Friday, June 24, 2016 by Elizabeth Pagano

Downtown visitors and residents will no longer have to rely on street smarts or commerce to find relief in that area of town. On Thursday, City Council approved a resolution that will usher in the city’s first public restrooms, though they will be temporary for the time being.

The resolution, which will lead to two temporary facilities downtown, passed in a vote of 8-2-1, with Council members Don Zimmerman and Ellen Troxclair voting in opposition and Council Member Sheri Gallo abstaining.

Zimmerman made it clear that the plans for the test toilets were a bit too grandiose for his tastes. He made an unsupported motion to reduce the number of restroom facilities from two to one. He also expressed disbelief at the cost of the program — $272,000 total for a year’s worth of rental costs, cleaning and an attendant.

“The toilet is going to be staffed?” asked Zimmerman. He was told that yes, that would be the case.

Mayor Pro Tem Kathie Tovo vigorously defended the temporary model, which will allow the city to test different locations around town before committing to what will ultimately be a permanent public bathroom downtown.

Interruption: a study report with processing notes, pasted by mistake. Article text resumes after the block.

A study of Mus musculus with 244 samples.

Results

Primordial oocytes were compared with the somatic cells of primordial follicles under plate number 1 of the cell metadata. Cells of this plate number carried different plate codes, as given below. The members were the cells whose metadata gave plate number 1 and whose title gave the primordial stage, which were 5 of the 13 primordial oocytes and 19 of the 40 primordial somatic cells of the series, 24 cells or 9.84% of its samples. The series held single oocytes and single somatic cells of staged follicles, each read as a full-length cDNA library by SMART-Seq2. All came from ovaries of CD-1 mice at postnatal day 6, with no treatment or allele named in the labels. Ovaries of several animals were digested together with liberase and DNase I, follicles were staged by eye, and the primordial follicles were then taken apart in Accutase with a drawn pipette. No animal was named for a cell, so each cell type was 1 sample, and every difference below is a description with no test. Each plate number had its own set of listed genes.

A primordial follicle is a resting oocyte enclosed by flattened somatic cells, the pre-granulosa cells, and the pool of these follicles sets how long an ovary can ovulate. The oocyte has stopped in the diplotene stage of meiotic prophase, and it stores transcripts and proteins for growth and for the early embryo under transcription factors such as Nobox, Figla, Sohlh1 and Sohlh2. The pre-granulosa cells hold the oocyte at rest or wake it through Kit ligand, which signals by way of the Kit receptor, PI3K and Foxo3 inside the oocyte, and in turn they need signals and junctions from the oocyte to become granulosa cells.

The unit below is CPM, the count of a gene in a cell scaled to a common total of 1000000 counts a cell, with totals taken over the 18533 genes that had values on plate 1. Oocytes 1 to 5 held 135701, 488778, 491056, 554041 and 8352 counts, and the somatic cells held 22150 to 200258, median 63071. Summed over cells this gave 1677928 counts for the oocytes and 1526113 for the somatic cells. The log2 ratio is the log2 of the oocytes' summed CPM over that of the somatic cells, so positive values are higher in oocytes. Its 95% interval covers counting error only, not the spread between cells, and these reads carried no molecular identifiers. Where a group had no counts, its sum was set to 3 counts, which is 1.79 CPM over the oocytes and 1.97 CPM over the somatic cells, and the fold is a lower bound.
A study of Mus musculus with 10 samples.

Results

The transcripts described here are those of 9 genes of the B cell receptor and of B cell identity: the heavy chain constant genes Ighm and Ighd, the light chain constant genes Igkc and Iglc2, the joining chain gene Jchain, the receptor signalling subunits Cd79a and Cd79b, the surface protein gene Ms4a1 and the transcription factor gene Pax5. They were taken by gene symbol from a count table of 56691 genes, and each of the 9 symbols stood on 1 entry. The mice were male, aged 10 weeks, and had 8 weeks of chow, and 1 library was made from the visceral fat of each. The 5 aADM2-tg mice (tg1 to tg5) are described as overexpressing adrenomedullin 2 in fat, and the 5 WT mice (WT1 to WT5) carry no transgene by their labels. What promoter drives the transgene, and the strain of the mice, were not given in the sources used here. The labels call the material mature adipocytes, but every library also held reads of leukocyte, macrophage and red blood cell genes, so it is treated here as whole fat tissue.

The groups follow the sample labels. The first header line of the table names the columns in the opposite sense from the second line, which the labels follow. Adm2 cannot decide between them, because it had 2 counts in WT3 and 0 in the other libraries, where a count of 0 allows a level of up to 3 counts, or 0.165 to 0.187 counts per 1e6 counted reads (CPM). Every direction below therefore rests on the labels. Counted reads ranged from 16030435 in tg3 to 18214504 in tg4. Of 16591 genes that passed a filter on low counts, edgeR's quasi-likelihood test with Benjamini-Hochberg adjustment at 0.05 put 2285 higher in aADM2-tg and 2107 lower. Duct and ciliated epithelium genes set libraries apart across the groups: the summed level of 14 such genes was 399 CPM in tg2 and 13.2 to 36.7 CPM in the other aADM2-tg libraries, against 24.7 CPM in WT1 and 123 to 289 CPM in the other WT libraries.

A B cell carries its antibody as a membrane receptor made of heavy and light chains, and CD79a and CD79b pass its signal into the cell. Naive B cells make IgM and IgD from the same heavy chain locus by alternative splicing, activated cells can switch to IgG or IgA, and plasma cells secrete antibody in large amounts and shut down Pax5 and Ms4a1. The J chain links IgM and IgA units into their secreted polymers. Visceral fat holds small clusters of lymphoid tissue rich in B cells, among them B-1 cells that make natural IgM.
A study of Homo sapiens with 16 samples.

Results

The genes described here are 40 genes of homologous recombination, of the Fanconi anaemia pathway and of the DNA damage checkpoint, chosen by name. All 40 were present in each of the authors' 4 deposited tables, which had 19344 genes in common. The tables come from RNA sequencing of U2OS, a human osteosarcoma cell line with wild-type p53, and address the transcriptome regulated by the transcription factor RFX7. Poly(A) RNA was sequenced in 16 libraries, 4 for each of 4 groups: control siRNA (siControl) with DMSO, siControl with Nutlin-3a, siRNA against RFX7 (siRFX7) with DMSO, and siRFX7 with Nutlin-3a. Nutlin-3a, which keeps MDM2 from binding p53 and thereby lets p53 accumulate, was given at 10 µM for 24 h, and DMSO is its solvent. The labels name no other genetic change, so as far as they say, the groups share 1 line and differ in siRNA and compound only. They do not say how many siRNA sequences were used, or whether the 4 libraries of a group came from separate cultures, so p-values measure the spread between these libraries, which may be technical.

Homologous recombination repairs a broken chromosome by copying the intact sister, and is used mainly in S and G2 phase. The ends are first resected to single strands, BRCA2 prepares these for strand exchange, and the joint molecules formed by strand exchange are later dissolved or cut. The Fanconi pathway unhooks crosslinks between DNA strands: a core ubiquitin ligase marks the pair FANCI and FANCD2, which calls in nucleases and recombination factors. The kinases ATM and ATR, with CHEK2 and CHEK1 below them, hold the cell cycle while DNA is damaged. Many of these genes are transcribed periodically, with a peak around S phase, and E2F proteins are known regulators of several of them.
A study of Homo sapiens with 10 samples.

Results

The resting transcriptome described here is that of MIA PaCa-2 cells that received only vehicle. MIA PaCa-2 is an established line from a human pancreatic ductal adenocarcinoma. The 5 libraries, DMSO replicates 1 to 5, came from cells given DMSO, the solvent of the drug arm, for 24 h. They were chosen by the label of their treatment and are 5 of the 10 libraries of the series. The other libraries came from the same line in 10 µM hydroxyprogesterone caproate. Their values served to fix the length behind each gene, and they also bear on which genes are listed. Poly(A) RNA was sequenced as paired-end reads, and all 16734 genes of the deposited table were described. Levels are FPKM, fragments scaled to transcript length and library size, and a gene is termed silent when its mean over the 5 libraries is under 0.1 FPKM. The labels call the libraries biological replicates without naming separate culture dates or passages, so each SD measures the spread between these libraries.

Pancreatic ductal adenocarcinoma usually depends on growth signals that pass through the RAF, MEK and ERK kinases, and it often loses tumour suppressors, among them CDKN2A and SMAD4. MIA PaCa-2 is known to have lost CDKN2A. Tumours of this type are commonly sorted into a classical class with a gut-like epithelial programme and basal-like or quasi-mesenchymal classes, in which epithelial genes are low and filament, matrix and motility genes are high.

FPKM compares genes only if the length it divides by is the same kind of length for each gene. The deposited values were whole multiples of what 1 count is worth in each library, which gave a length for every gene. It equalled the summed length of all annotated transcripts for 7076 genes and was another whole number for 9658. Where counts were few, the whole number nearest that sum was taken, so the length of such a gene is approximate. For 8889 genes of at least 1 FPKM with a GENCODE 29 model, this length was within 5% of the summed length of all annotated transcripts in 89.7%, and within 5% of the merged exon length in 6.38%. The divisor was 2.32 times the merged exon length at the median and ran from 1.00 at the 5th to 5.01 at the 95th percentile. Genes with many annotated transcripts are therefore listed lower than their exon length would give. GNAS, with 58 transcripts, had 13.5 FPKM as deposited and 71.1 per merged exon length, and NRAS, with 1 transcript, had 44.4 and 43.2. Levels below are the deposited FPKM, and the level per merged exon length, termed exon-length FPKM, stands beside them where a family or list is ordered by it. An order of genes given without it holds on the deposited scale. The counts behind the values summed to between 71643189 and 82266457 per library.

Gallo inquired whether the city had asked the Downtown Austin Alliance to pay for the cost of the restrooms, saying she was a “proponent of looking for partners to help fund” programs. She pointed out that the DAA does collect fees from downtown residents and said she would be uncomfortable with the city funding the program until that alternative was investigated. Gallo also suggested that the city could use hotel occupancy taxes to fund the facilities but was told that the program would not qualify for use of those funds.

“It’s a good idea. But I don’t know, necessarily, whether it’s a city responsibility,” said Gallo. “I support the idea, I just think the funding source should be considered.”

In response, Tovo noted that this was the second resolution on the topic but the first time the funding suggestion had been made. She said that it was not in the DAA budget and, moreover, that it was entirely appropriate for the city to fund the program.

“It has become a public health issue in the downtown area. It is impacting the quality of the water in our creeks. It is impacting the quality of the experience our visitors are speaking about when they come to the city of Austin,” said Tovo. “And I would argue it is not just a matter of public health, it is one of human dignity. Unfortunately, we have individuals who are living on the streets of our downtown, and they have no options other than to relieve themselves on the streets of our downtown.”

Council Member Ora Houston pointed out that the issue also extended to the elderly as well as downtown visitors who have children.

Tovo said that she would support future discussion about funding options for the permanent facilities, which will be modeled after the Portland Loo program in Oregon.